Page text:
LS810 BYOL: Create Animatics Animations with Storyline Illustrated Characters
4:00 PM - 5:00 PM Thursday, March 23
Animation can enhance learner engagement, but who has the time to learn to animate? Storyline 2 has great illustrated characters with many poses and expressions, yet when you need your character to do something not in its lineup, what are you to do?
In this session, you will learn how to use Storyline 2 illustrated characters and Microsoft PowerPoint to edit the characters to create evocative animatic-type animations. You will learn how, when used in combination with an effective story, you can enhance your learners’ engagement by illustrating your content with more targeted, styled characters and smoother animation. To enhance the experience of this session, create a five-minute story or script that introduces two characters and includes some dialogue.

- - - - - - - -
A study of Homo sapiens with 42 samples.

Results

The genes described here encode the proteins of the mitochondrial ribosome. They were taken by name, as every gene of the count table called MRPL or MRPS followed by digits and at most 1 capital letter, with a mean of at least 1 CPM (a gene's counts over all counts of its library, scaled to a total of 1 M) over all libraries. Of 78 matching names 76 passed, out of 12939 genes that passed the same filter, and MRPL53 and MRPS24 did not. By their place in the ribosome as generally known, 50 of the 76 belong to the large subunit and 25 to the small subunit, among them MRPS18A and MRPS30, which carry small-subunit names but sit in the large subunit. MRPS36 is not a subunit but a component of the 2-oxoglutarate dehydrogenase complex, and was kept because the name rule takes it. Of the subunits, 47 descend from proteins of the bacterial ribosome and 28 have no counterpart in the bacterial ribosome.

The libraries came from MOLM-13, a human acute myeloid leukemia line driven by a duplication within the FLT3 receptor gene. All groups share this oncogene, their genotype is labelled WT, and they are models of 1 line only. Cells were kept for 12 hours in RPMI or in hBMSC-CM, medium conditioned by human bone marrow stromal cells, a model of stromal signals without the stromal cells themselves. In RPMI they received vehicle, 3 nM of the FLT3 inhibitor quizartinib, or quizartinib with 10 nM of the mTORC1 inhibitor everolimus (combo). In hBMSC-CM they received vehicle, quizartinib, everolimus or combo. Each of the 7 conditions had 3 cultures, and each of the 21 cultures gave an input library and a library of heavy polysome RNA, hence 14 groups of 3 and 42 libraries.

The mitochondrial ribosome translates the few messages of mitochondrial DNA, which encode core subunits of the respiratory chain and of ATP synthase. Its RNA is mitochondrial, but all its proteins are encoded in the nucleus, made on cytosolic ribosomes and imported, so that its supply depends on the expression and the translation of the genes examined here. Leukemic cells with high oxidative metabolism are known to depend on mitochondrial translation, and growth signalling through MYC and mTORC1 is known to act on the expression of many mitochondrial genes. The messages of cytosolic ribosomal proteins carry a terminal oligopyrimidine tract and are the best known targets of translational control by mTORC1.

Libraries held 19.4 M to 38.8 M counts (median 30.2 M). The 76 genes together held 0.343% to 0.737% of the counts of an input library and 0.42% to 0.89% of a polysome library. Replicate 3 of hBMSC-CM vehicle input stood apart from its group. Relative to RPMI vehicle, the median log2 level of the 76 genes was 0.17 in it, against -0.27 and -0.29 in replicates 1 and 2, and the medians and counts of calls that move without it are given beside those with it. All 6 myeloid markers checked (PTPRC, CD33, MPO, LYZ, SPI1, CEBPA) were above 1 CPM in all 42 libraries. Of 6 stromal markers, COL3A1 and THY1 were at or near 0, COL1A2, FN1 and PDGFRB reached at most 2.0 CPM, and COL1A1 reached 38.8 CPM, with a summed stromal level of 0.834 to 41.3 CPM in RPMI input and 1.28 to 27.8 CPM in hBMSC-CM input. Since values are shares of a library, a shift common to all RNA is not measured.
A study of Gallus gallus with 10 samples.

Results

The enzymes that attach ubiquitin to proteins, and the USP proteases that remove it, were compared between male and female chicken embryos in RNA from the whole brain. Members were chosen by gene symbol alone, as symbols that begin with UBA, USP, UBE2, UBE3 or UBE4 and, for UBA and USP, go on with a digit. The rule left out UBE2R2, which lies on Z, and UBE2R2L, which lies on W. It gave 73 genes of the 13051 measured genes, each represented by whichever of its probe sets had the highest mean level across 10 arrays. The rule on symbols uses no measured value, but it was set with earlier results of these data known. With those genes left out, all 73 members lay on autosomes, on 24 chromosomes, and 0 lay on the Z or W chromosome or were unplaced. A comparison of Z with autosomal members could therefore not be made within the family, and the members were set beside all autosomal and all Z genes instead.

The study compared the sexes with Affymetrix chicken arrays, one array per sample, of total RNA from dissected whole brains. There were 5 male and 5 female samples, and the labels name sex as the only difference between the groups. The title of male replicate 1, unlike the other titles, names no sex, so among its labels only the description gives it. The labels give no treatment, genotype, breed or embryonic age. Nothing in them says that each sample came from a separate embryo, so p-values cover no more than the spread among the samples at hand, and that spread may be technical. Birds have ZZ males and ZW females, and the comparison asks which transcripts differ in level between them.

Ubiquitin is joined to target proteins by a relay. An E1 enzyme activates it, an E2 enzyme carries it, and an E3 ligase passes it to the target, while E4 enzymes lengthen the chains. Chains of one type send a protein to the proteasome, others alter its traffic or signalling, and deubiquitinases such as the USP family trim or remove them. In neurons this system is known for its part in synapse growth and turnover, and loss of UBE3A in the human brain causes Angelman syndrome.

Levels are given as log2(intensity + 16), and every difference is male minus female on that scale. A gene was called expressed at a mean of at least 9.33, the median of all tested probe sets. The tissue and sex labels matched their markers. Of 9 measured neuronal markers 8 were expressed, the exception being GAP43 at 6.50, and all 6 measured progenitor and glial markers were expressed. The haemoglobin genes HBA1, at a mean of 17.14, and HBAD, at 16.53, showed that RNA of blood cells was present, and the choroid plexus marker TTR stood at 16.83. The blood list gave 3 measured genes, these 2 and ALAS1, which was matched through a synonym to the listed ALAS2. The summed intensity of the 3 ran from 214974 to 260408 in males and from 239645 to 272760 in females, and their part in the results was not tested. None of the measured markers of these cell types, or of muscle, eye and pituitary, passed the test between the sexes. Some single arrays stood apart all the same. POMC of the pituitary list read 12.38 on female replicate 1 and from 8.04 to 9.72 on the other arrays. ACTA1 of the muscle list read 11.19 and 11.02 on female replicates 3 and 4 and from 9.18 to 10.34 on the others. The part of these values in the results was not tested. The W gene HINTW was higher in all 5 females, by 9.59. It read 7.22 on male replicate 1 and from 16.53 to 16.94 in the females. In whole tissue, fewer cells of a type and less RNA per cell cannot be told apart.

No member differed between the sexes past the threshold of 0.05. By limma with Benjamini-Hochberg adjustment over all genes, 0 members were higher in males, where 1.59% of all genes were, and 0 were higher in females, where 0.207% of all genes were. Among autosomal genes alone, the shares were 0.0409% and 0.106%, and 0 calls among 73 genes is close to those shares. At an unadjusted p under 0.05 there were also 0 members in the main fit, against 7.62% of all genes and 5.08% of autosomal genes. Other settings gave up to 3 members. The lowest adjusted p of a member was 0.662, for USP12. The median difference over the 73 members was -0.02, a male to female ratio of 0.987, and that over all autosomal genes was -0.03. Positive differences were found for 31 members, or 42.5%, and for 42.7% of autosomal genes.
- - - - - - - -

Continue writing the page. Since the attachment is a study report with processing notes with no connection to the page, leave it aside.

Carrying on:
In this session, you will learn:
- How to export illustrated characters from Storyline 2
- How to import characters into PowerPoint
- How to edit the characters’ features, expressions, poses, hair, and clothing
- How to import the characters back into Storyline or another development tool
- How to create a short animatic illustration
Intermediate designers and developers.
discussed in this session:
Articulate Storyline 2 and Microsoft PowerPoint 2010.
A laptop running Storyline 2 and PowerPoint 2010 or later.
Sr. Instructional Designer
Federal Reserve Bank of Chicago
Michael Laudone is a senior instructional designer with the Federal Reserve Bank of Chicago. He has been doing instructional design, development, and delivery for the past 25 years and in the past 10 has concentrated on eLearning delivery. At the Fed, Michael brought in more interesting and learner-focused courseware by using instructionally significant interactions, stories, and relevant graphics and animations. He has overhauled a systemwide program that provided technical training on standard applications used at all 12 Federal Reserve Banks with tech-tip videos; each episode deals with a challenge that is met with the standard applications.